Browsing Gunbroker and other firearms websites as well as publications such as Shotgun News and Gunslist, you often see that firearms are C&R or Curio and Relic Eligible.
What does this mean?
A Collector of Curios and Relics Licensce in issued by the BATFE. For the price of $30, a little paperwork, and a little time, you can become a FFL holder for 3 years. This allows you to purchase qualifying firearms directly from distributors at wholesale prices. Many distributors cater to C&R holders specifically including J&G Sports, Samco and Aim surplus.
The C&R also allows you to purchase the same directly on firearms auction sites without having a middleman FFL holder.
It is a collector's license and is meant for personal use-meaning you don't have to have a storefront, or fill out 4473s. The big no-no is selling your weapons acquired with the license. As a C&R hobbyist for more than two decades, I recommend it.
What does the C&R list allow you to get
According to the BATFE , to be recognized as C&R items, 478.11 specifies that firearms must fall within one of the following categories:
Firearms automatically attain C&R status when they are 50 years old. Any firearm that is at least 50 years old, and in its original configuration, would qualify as a C&R firearm. It is not necessary for such firearms to be listed in ATF's C&R list. So currently by that logic, any firearm manufactured before 1962 is eligible (2012-50=1962.)
- Firearms which were manufactured at least 50 years prior to the current date, but not including replicas of such firearms;
- Firearms which are certified by the curator of a municipal, State, or Federal museum which exhibits firearms to be curios or relics of museum interest; and
- Any other firearms which derive a substantial part of their monetary value from the fact that they are novel, rare, bizarre, or because of their association with some historical figure, period, or event.
Many imminently collectable firearms are highly traded and very popular on the C&R list. This includes Broom handle Mausers, Enfield Rifles, WWII era pistols including Lugers, Colt 1911s, P38s, and others.
If it is an old and historical firearm, odds are its C&R eligible. Browsing through various firearms auction sites in the C&R section as I wrote this article, history screamed out at me. I came across a Wells Fargo marked Colt Police Positive in 38 Special, a Colt 1908 25ACP mouse gun with a receipt made out to a 1920s silent movie star, an 1895 Winchester saddle ring rifle chambered in 7.62x54R made for the last tsar of Russia's Cossacks, and a Tokyo Gas and Electric manufactured Japanese Nambu pistol. Now if that isn't history ready to be boxed up and sent to your door, what is?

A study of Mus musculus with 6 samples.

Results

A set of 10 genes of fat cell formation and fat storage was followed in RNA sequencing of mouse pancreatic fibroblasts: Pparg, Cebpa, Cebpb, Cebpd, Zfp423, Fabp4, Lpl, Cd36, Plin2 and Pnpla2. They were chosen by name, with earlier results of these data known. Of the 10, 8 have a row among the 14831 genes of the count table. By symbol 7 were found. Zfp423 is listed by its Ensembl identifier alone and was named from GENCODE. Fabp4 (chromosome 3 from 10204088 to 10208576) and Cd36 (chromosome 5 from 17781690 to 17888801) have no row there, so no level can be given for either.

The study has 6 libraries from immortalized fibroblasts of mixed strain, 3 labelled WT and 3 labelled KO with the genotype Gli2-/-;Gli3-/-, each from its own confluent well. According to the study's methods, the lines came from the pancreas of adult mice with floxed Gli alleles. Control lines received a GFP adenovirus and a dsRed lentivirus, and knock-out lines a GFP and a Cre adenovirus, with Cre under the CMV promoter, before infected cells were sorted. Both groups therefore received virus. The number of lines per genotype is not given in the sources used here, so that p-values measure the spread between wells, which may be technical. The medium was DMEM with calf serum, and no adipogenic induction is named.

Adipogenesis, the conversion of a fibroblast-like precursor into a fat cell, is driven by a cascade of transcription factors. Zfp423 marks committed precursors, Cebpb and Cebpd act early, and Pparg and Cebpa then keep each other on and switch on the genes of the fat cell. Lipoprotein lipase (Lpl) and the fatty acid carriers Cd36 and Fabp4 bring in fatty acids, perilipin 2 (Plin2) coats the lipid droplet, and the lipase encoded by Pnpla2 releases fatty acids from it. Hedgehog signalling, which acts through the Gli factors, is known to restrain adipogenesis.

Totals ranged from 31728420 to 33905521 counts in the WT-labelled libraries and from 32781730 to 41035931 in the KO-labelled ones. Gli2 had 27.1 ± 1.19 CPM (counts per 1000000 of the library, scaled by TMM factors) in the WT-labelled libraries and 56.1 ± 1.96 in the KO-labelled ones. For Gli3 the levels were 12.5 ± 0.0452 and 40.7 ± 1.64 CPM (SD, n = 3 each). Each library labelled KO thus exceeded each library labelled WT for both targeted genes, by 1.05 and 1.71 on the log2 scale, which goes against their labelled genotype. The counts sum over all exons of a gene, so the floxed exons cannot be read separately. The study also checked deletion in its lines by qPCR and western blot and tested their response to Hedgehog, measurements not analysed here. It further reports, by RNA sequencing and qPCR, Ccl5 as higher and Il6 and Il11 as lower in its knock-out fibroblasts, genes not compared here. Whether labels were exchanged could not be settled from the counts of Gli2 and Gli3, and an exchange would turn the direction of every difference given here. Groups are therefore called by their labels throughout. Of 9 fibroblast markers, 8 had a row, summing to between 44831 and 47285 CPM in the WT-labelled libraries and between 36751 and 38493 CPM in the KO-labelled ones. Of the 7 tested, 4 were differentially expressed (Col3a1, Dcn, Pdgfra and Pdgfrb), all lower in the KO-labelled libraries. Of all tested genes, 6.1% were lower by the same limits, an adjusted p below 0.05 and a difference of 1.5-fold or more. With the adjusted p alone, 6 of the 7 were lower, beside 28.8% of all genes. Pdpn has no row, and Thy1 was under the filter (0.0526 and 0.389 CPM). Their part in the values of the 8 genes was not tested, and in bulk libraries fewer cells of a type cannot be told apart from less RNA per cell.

Also, as an investment you are hard pressed not to look into historical firearms. For example, when the Russian M91 sniper rifles with PU scopes came into the states just a few years ago, many dealers sold them for as low as $199. Today these have doubled. In another example, Turkish 8mm Mausers in 1998 went for $39 for the pick of the litter. Today ugly dark bored versions cannot be found for less than $150.
Buying economical hunting arms
Many older shotguns and rifles are available for a steal as a C&R holder. Several early versions of the Mossberg model 500, made for JC Penny, Sears, and Montgomery Ward qualify and can be had for the $100 range. The same can be said for legions of reliable Stevens 77 and 82 model shotguns in a myriad of gauges.
-Many great old shotguns like this Remington Number 11 Riot gun can be had through C&R (authors personal collection)
The entire reason that ammunition manufacturers produce .303 British, 8mm Mauser and 7.62x54R in soft point loads is for individuals who use old Enfield, Mauser, and Mosin rifles, among others, as reliable deer slayers. These rifles can often be bought for as low as $75 through distributors and auction sites with your C&R license. The great thing about these old soldiers is a lot of them were arsenal remanufactured at in the 1950s and stored until the end of the Cold War, making them in excellent shape for WWII and in some cases, WWI-vets. M1916 Spanish Mausers, re-chambered in the 1960s for 7.62x51mm NATO, are very popular with custom rifle builders and are very affordable.
Self Defense C&R Guns
Just because a gun is older than you does not mean it is outdated and cannot save your life. Many popular C&R list guns can be used for self-defense/home defense and even CCW carry. Most of the sidearms of World War One and Two are on the list including vintage Remington-made 1911 models, Canadian-manufactured Browning Inglis 9mm Hi-Powers, Webley and Enfield S&W revolvers, and German P38/P1 9mm pistols. While shopping around can get you most of these from anywhere from $200-$300 in functional condition, some minty examples can be as much as ten times that amount. As with any used firearm be sure to have a competent gunsmith examine it prior to firing and for safety's sake try to stick to standard (i.e. not +P) ammunition loads.
- Russian Nagant revolvers were first imported into the country a decade ago for as low as $49, today they are still an affordable, historic deal for around $100. An aftermarket cylinder is available to convert it into more common 32-caliber.
Several small pistols such as the Czech CZ-82 and the Polish P64, both chambered in 9x18mm Makarov are often available in the $175-$250 range. These guns are nice, affordable CCW or bedside companions of modern construction. The caliber is rare in the US, but it is gaining a lot of ground and some good loads are available for it if you look. Even Hornady is making 95-grain 9x18mm JHPs these days.
For a number of reasons, if you are looking into becoming a collector, the C&R is for you.